The role of the veterinarian at the abattoir
Food safety is an issue of increasing attention and concern throughout the world. Public health hazards related to food safety can become a risk to the consumer at various stages of the ‘production to consumption’ continuum. Recognising this challenge, the OIE has identified animal production food safety as one of its high priority initiatives. The Veterinary Services of our Member Countries are central to this mission. They have an essential role to play in the prevention and control of food-borne zoonoses, even when animals are not clinically affected.
An approach to food safety based on an analysis of the risks present at all stages of the food chain demands an integrated professional involvement at each step. The OIE’s work on animal production food safety is notably aimed at reducing food-borne risks to human health, first by preventing, eliminating or controlling hazards arising from animals prior to the primary processing of animals and animal products. In the field of zoonosis control, there is clearly a constant overlap between public health and animal health objectives. The sharing of competencies of veterinarians is therefore highly desirable, especially in countries where the application of public health and animal health policies is the responsibility of different government authorities.
The OIE has responsibility, under the terms of the WTO’s Sanitary and Phytosanitary Agreement (SPS Agreement), for elaborating standards, guidelines and recommendations to ensure at the international level the prevention, eradication or control of animal diseases and zoonoses. For its part, the Codex Alimentarius Commission (CAC) has responsibility, under the SPS Agreement, for food safety. CAC mainly addresses problems arising after the first processing of animals and animal products. The CAC and the OIE have therefore jointly developed strategies and mechanisms to co ordinate and integrate their activities at all stages of the food chain.
At present, there is room for a significant improvement in many aspects of food safety control in terms of cost and efficacy, especially during ante- and post-mortem abattoir inspections and microbiological control processes. Measures should be tailor-made for the range and prevalence of hazards in the particular animal population. Management of all these hazards by the Veterinary Services needs to be carried out in a way that optimises the use of available resources in both the public health and the animal health sector.
The food safety regulatory reforms undertaken by a number of countries have sometimes led to changes in the traditional roles of the official veterinarian. In some countries, industry has now been given the primary responsibility for implementing food safety measures, with the Veterinary Services moving sometimes towards a verification and audit role. This also provides sometimes the official veterinarian with new opportunities, and the added responsibilities that they entail, for example in the international certification of meat.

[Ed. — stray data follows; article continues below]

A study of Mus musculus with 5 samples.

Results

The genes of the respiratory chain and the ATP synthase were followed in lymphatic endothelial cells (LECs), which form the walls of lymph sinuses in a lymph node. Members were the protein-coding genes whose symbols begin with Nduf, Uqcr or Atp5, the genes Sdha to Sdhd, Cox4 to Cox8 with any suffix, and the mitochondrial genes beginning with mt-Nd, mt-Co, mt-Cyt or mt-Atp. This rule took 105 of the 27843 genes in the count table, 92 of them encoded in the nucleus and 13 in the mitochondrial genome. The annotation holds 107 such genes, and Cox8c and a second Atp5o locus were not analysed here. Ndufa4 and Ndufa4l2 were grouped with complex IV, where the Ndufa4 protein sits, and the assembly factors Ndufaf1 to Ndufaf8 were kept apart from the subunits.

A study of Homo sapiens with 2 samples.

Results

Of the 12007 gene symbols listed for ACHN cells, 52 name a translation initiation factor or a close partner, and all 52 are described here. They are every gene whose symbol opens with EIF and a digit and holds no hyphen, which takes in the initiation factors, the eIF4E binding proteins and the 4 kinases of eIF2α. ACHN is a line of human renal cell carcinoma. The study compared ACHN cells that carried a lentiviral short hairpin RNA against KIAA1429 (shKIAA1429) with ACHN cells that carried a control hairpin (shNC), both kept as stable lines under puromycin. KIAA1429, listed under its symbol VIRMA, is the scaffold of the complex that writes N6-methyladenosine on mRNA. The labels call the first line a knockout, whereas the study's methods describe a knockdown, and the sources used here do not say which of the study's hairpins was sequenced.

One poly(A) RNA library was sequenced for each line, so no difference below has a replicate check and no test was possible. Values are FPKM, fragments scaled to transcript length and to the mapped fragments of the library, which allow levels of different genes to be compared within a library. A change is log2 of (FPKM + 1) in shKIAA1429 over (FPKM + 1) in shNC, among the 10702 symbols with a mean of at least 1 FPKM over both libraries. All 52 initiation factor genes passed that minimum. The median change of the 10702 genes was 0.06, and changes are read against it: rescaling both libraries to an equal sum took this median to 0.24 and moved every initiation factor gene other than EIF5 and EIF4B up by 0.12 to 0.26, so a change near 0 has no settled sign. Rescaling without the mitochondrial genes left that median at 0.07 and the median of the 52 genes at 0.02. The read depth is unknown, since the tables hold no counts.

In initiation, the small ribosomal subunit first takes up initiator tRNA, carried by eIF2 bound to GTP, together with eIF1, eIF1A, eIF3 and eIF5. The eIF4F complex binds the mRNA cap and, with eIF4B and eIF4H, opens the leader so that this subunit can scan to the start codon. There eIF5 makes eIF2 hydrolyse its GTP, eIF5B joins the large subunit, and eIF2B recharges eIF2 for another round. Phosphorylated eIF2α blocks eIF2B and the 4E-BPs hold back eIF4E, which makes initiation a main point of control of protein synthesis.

In this context, the OIE still considers abattoirs to be key points in epidemiological surveillance for zoonoses as well as other animal diseases.
The fact that the first case detected during the foot and mouth disease epizootic in the United Kingdom in 2001 was in a pig abattoir clearly illustrates the relevance of this approach and the danger should it be called into question. The OIE must therefore continue to provide its Member Countries with standards and guidelines on ante- and post-mortem inspection in the production of meat in order to reduce hazards of public health and animal health significance, including in developing countries. Many developing countries do not yet have the resources to conduct on-farm surveillance of animal diseases and zoonoses, and hence often depend upon cases detected at the abattoir, notably during ante- and post-mortem inspections.
Regardless of the way in which these functions are organised within a country, it is important that relevant public health and animal health activities are integrated as fully as possible, so as to achieve cost-effectiveness and efficiency gains.
The Veterinary Services should continue to play a predominant role firstly in defining how ante-mortem and post-mortem inspections are to be conducted, including identification and management of those controls that may be applied at the primary production stage, and secondly in implementing ante- and post-mortem inspection. The government authority should determine the requirements for the training and skills of all personnel involved and define clearly the key role of the veterinary inspector.
The OIE will continue to publicise and promote the fundamental role of the Veterinary Services in the area of food safety, both on-farm and at the abattoir level, notably by constantly collaborating with the CAC in order to develop standards, guidelines and recommendations that are in harmony.